Yesterday’s Green.Net 2010 conference in San Francisco included several sessions relevant to the data center sector, including a presentation on data center energy efficiency by Google energy czar Bill Weihl. Most of Weihl’s talk reviewed approaches that Google has previously disclosed in industry conferences. But there was one slide in his presentation that will be of interest to Google watchers.
In discussing the importance of isolating cold and warm air in the data center, Weihl provided a look at a design Google uses to create a low-cost hot aisle containment pod in one of its corporate server room.
“Rather than big, complicated, expensive construction, we basically put metal end-caps on the rows,” said Weihl. “And then we’ve used effectively the kind of curtains you’d use in a meat locker in a grocery store to keep cold air from infiltrating with the hot air, and vice versa.
“The reason we’re using those is that we can put any rack in there we want. All we need to do is roll up the curtains, wheel in a rack and then drop the curtain down on top of the rack and it’s effectively sealed off,” said Weihl. “So there are very cheap solutions you can apply in virtually any data center that will greatly reduce if not eliminate the potential for the hot and cold air to mix.”
Data Center Curtains in Spotlight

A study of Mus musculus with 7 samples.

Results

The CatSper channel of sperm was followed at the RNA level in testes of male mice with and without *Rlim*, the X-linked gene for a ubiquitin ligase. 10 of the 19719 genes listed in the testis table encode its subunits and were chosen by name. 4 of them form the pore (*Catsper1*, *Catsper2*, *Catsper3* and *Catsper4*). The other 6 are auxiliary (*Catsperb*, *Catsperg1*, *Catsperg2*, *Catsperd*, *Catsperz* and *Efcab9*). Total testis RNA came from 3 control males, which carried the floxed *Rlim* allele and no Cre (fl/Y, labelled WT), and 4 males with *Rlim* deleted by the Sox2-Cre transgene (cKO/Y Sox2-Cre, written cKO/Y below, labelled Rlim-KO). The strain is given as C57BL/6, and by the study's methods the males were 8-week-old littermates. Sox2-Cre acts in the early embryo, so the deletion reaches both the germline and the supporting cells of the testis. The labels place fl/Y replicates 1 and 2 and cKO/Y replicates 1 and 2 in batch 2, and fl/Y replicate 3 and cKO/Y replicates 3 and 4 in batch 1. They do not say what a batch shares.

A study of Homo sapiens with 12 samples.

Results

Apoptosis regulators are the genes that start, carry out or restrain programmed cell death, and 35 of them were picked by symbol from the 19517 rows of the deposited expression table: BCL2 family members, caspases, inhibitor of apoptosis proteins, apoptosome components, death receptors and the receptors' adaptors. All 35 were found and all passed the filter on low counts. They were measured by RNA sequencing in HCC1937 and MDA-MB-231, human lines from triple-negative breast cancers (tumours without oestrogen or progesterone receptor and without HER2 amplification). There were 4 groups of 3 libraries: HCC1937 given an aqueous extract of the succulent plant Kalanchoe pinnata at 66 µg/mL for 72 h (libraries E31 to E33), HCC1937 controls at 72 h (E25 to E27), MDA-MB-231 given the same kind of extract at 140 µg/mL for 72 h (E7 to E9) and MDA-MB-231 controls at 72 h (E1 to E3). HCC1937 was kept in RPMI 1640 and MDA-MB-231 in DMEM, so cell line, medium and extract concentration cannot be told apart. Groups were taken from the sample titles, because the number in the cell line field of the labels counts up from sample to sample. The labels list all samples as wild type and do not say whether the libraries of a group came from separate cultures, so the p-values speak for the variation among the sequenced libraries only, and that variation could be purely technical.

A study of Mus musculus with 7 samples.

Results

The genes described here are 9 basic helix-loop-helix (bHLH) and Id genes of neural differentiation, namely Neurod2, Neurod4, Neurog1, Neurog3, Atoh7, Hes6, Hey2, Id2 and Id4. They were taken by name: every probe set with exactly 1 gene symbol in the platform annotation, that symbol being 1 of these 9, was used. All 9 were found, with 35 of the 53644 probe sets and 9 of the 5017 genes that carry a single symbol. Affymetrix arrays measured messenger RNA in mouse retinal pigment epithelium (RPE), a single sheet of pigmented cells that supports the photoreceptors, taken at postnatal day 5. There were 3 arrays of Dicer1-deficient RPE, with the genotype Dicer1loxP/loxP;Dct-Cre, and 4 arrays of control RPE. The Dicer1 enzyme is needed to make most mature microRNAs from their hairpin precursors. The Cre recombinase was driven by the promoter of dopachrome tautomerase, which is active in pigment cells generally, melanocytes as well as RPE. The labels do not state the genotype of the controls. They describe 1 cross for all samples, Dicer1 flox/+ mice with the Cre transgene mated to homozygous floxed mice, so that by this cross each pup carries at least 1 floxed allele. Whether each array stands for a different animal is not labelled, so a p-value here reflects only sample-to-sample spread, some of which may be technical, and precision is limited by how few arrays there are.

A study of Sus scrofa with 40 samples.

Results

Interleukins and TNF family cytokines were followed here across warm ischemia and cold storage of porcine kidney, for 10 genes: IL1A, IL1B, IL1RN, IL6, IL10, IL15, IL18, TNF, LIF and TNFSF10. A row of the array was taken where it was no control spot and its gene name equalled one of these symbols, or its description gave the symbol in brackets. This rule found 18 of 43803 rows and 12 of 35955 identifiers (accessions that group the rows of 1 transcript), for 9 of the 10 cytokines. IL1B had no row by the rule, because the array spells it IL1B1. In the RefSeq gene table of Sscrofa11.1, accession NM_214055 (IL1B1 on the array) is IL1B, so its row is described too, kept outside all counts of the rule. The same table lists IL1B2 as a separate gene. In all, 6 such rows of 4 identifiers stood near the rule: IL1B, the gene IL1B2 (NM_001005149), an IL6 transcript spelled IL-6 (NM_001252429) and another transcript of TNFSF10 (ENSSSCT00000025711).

Clear vinyl data center curtains are offered by vendors including Simplex, and are being used in a growing number of facilities, including high-profile sites like Sun’s Colorado data center. Steve O’Donnell at The Hot Aisle has long argued for curtains as a pragmatic approach to airflow separation. In highlighting isolation strategies using curtains, Weihl focused on best practices that are accessible to companies with modest data center operations.
Google emphasizes that many of its energy efficiency strategies can be implemented by anyone. That’s true of the curtains, but less so for the Google UPS design featuring an on-board battery, which requires a custom server build.
He noted that this design is used in a company server room, and not one of the company’s production data centers. This fits with Google’s effort to contribute to the industry conversation on efficiency without revealing the current state-of-the-Google-art found inside an existing production data center.